Avial is one of the few bands from Kerala that has broken language barriers by not only winning plenty of fans from all over India, but in other nations as well. To date the band has won six awards at the Jack Daniel’s Annual Rock Awards.
Gibson India recently spoke with Avial guitarist Rex Vijayan about guitars, his favorite players and his band’s new album.
How did you zone-in on the name Avial for your band?
The name just came to my mind one fine day and I suggested this to the guys. There wasn’t much thinking involved. When the people in our friend circle heard the name, they had a good laugh but we finally we went ahead with it. And, here we are.
How’d you come up with the concept of fusing folk music and alternative rock?
It actually came pretty naturally. All of us have grown up listening to folk music and later in our teens we went on to become rock musicians. So, now, when we started Avial, we thought we’ll fuse them together and see what it sounds like.
Your lyrics are in Malayalam – were you ever uncertain how the response would be?
We always wanted to do it in Malayalam. We were clear about that.
You’ve definitely overcome language barriers, which is awesome.
And we’d like to thank all our listeners and fans for that.
What have been some of your favorite gigs so far?
There are actually quite a lot of them. We recently played in a medical college in Pondicherry. That was quite a good show. Some of the other ones are MCC College [Chennai], Blue Frog [Mumbai] and there was a World Muisc Festival called Sakifo festival [Mauritius and French Reunion Islands]. These are a few I can remember as of now.
You’ve won numerous awards such as at the Jack Daniel’s Annual Rock Awards and have even been praised by A.R. Rahman.
Oh yes. We are glad he liked our music.
Tell us about the difference in composing for your own albums versus Malayalam films.
Actually there isn’t a lot, or any difference. We are approached by filmmakers who specifically want Avial to do the music and they want the kind of music that we make.
Tell us more about the guitars you play.
I play Gibson Les Paul Classic and a Gibson SG Raw Power. What do I say about them? They are so beautiful. The guitar you use should always give you the feeling that it was just made for you, in terms of everything – sound, feel, comfort level and so on... The Les Paul’s sound blends in really well with Avial’s music.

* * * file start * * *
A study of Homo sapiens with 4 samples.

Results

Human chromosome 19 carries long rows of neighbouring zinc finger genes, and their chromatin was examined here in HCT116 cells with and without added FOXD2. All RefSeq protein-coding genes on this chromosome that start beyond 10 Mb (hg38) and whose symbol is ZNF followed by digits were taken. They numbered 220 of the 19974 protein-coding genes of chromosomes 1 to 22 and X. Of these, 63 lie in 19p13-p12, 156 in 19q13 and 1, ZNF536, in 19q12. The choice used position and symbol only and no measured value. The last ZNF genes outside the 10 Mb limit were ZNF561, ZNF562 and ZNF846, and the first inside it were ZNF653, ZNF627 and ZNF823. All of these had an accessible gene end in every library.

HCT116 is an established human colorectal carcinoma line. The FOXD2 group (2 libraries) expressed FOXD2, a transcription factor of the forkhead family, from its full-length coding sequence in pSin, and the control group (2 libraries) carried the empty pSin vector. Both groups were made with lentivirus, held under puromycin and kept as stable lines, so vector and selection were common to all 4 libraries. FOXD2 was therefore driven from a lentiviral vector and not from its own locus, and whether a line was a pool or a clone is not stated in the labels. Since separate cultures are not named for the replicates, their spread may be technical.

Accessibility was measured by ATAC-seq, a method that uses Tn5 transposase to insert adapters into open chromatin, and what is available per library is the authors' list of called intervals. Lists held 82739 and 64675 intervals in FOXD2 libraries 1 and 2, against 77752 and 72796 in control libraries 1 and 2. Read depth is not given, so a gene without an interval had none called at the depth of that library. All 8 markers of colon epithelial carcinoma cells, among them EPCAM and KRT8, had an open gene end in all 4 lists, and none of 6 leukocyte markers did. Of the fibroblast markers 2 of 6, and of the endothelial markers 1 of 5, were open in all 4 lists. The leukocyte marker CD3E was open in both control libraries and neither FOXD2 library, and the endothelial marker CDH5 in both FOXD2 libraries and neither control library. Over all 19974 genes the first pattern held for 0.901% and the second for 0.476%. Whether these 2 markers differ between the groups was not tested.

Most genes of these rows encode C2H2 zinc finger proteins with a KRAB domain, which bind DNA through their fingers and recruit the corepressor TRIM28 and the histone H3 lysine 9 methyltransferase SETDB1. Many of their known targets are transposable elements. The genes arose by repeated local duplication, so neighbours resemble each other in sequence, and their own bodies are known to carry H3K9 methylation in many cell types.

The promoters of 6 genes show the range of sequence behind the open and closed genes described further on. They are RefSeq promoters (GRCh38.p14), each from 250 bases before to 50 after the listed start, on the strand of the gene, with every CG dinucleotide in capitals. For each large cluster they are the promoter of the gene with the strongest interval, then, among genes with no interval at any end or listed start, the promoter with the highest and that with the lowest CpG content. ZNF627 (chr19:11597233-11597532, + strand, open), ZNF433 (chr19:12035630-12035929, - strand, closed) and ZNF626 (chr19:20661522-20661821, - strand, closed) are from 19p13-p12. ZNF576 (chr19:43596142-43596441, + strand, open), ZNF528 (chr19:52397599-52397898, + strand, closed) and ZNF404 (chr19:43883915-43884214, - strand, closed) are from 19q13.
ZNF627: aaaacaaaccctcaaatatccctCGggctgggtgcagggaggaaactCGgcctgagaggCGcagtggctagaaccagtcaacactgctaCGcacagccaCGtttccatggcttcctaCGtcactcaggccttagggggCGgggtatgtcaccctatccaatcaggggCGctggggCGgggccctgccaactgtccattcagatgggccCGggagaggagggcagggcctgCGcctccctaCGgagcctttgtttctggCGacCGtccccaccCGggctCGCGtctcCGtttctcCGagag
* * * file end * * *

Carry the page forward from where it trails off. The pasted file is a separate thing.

What advice do you have for aspiring guitarists and bassists?
My advice would be to play with your full heart and passion. It’s only when you love your instrument, you start to excel in that later.
Who inspired you to pick up the guitar?
There are a lot of guitar players I have grown up listening to. There is Stevie Ray Vaughan, Eric Clapton, Eric Johnson, Jimmy Paige, Paco De Lucia, Angus Young. Among the new age guys, I like Johnny Buckland (Coldplay), Mike Einziger (Incubus) and Greg Hill (Mute Math).
Could you tell us a bit about each of the band members and any additional careers they juggle along with being a part of the band?
Well it’s the four of us. Tony [John], Binny [Isaac], Mithun [Puthanveetil] and me. Tony is the singer while Mithun plays the drums. We are fortunate enough to be doing only Avial, which keeps us busy full time. So it’s pretty much that except for some other projects that we take up individually. I have also been doing music and background score for Malayalam films lately.
Tell us about your jam sessions, approach to composing, and any tidbits about the composing process, such as for “Karukara.”
We it’s pretty much like all the other bands. Tony has a studio in his house and that is where we all meet and jam. And there is no particular format we have for composing. It’s all very natural and something that comes out when we all play together.
“Karukara” is an old folk song about welcoming the monsoons. We thought we should do our own version of the same. It’s a very famous song across Kerala. So we did a folk/rock version of that with some heavy duty guitar riffs and bass lines. We had Aparnashree singing the female part in the song.
Tell us about your upcoming album. I remember reading somewhere the album is about fraud swamis.
Well the album is not on fraud swamis. It’s just the song “Aana Kallan” that is about the fraud swamis and big liars. This song was featured in the Malayalam film Salt N Pepper.
How many compositions will there be on the album? How will it be different from your first album?
Well, we haven’t zeroed down on the number of tracks. But it will surely be different from the first album. We are gonna be using a lot more new sounds and instruments for this album, like I have played the Mandolin in the song “Ayyo.” There’s going to be a lot of acoustic guitars happening as well.
How important and prominent is use of the guitar and bass guitar in the album?
It’s like asking how important are the wheels in a car [smiles]. Well, each of us has a song driven approach with our individual instruments. It’s not like our songs are guitar driven or bass driven or vocal driven. It’s the beauty of all that makes your music so awesome.
Is there anything else you’d like to add?
We are really happy to be associated with Gibson Guitars and we thank you for having us over here.